Gay, Lesbian, Bisexual, and Transgender (GLBT) people make up a large segment of the population. All people have the rights to be who they are, to be able to be open about themselves in the workplace, and to be treated with the same acceptance and respect due all individuals. Policies to support inclusiveness and prohibit discrimination need language that will include everyone. "Sexual Orientation" is not enough, as it only protects gay people who can pass as straight. It is necessary to include gender language if the entire GLBT community is to be included.

An Equal Opportunity statement of nondiscrimination and nonharassment of Transgender employees is vital. Most transgender employees are afraid to come out, in fear they will be fired or harassed if their transgender status becomes known. Many people have been fired for being transgender, fueling this fear.

It is not sufficient to merely protect "sexual orientation." This language protects who you love, but it fails to protect what you look like, how you act, or how you dress. Such characteristics fall under the category of "gender expression."

Explicit Language

The most direct approach is to identify the clause that protects race, religion, and hopefully sexual orientation, and to add gender-inclusive language next to "sexual orientation". Such language may say "gender expression" or "gender identity". Lucent Technologies set the standard for this approach, using the inclusive language "gender identity, characteristics, or expression." This language needs a set of definitions to be meaningful. This approach is recommended if you are working with a very supportive group and do not face any significant opposition.

Other organizations use the term "gender identity."  This language may protect only transsexuals and not protect crossdressers, feminine men, or masculine women. "Gender expression" is a more inclusive term, protecting what you look like, how you act, and how you dress. "Gender characteristics" protects biological attributes such as body shape, chromomsomes, voice pitch, and body hair. If only one of these three terms must be chosen, we recommend "gender expression" because it protects that which is most visible to other people, and thus what is most likely to trigger discrimination.  This table summarizes who is protected by the various terms:
  Language / Who is covered Sexual Orientation Gender Identity Gender Expression Gender Characteristics Sexual Orientation, Gender Identity or Expression Sexual Orientation, Gender Identity, Characteristics, or Expression
Straight appearing gays and lesbians covered not covered not covered not covered covered covered
Gender variant gays and lesbians not covered not covered covered not covered covered covered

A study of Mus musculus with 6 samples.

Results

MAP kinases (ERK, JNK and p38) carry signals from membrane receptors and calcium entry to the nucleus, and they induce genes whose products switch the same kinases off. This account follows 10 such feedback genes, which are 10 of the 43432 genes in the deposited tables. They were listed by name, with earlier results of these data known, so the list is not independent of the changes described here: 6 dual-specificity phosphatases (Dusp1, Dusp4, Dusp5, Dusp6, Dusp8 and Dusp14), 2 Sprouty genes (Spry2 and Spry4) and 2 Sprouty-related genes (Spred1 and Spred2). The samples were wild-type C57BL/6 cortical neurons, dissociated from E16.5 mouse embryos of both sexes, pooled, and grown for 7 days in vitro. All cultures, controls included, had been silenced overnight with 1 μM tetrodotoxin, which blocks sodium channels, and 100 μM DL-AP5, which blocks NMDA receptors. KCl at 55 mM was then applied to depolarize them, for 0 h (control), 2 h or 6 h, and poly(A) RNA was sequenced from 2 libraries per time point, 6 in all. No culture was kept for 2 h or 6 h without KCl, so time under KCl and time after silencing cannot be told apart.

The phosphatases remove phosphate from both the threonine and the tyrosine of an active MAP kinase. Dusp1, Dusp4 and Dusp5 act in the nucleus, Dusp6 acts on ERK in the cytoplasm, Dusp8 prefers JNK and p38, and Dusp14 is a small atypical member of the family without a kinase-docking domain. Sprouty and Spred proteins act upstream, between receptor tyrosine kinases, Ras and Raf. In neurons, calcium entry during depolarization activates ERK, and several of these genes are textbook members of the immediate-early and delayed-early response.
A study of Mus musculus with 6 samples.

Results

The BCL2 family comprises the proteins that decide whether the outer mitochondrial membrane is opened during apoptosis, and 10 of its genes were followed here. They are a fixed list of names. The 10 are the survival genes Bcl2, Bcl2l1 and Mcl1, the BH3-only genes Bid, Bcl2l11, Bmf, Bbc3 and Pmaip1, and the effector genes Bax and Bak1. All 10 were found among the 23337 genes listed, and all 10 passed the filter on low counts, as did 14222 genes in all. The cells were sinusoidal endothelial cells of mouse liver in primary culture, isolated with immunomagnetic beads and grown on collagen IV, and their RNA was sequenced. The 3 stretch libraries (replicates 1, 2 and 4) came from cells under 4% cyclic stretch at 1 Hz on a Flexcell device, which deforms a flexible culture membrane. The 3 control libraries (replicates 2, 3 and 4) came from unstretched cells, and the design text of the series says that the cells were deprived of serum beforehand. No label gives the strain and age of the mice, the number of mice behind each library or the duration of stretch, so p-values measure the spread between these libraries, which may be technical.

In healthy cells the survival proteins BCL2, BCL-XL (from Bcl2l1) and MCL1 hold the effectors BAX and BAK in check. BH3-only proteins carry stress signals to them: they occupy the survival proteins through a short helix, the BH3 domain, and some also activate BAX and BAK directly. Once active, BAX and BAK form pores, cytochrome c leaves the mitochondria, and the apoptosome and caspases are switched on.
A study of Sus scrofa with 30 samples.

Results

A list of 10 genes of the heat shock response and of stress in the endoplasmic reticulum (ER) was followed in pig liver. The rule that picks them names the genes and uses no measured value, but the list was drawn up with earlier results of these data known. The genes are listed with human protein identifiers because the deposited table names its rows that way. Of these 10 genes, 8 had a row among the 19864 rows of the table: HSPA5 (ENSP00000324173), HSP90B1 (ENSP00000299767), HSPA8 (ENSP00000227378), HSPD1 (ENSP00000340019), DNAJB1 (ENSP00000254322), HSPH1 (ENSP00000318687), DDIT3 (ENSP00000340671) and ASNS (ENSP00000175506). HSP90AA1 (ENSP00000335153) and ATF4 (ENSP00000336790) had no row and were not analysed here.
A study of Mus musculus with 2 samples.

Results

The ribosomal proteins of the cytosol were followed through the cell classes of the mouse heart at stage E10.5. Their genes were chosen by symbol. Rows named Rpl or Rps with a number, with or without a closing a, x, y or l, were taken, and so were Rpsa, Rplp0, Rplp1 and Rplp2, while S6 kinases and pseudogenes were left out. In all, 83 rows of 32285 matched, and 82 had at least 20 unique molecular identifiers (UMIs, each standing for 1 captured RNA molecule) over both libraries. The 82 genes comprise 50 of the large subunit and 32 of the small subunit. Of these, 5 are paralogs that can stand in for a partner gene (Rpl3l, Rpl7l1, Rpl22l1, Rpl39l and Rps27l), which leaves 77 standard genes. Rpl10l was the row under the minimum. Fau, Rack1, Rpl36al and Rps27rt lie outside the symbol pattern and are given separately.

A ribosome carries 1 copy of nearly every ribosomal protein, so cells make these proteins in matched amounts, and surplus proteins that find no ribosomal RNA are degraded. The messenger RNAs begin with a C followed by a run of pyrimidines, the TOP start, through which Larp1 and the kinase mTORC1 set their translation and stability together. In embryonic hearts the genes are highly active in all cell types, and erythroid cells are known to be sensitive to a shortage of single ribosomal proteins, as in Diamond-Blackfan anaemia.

Gender variant heterosexuals not covered not covered covered not covered covered covered
Crossdressers not covered not covered covered not covered covered covered
Transsexuals not covered covered unclear not covered covered covered
Intersexuals not covered not covered covered covered covered covered

With a suitable definition, any term can be used. This approach was taken by the City of West Hollywood, CA. The Ordinance added gender identity as a protected category for provisions prohibiting discrimination. Gender Identity is defined as: "Gender Identity refers to a person's actual or perceived sex, and includes a person's identity, appearance, or behavior, whether or not that identity, appearance, or behavior is different from the traditionally associated with the person's sex at birth."

The consenses in the Intersexual community is that, for workplace nondiscrimination purposes, "gender expression" is sufficient to protect intersexuals. For this reason, we are not stressing the inclusion of the "gender characteristics" language.

Alternatives to Explicit Gender Inclusive Language

In some situations, there are obstacles to including plain trans-inclusive language in a nondiscrimination policy. In this situation, an indirect method can have the same effect without the visibility of explicit language. With a suitable definition, any term can be used to forbid discrimination. Two approaches sometimes used are to define sexual orientation to include gender variance, or to define gender to be more inclusive than just being another word for sex For more information and examples, see our language alternatives page.


Transgender at Work recommends that the language "gender identity or expression" be included in EO nondiscrimination policies, with equal status to "sexual orientation." This language is the most inclusive, and will ensure that noone will suffer discrimination due to any aspect of their gender.

For more information

For an excellent discussion of legal issues, including many laws on the books and the language used, see Paisley Currah's and Shannon Minter's "Transgender Law" Site.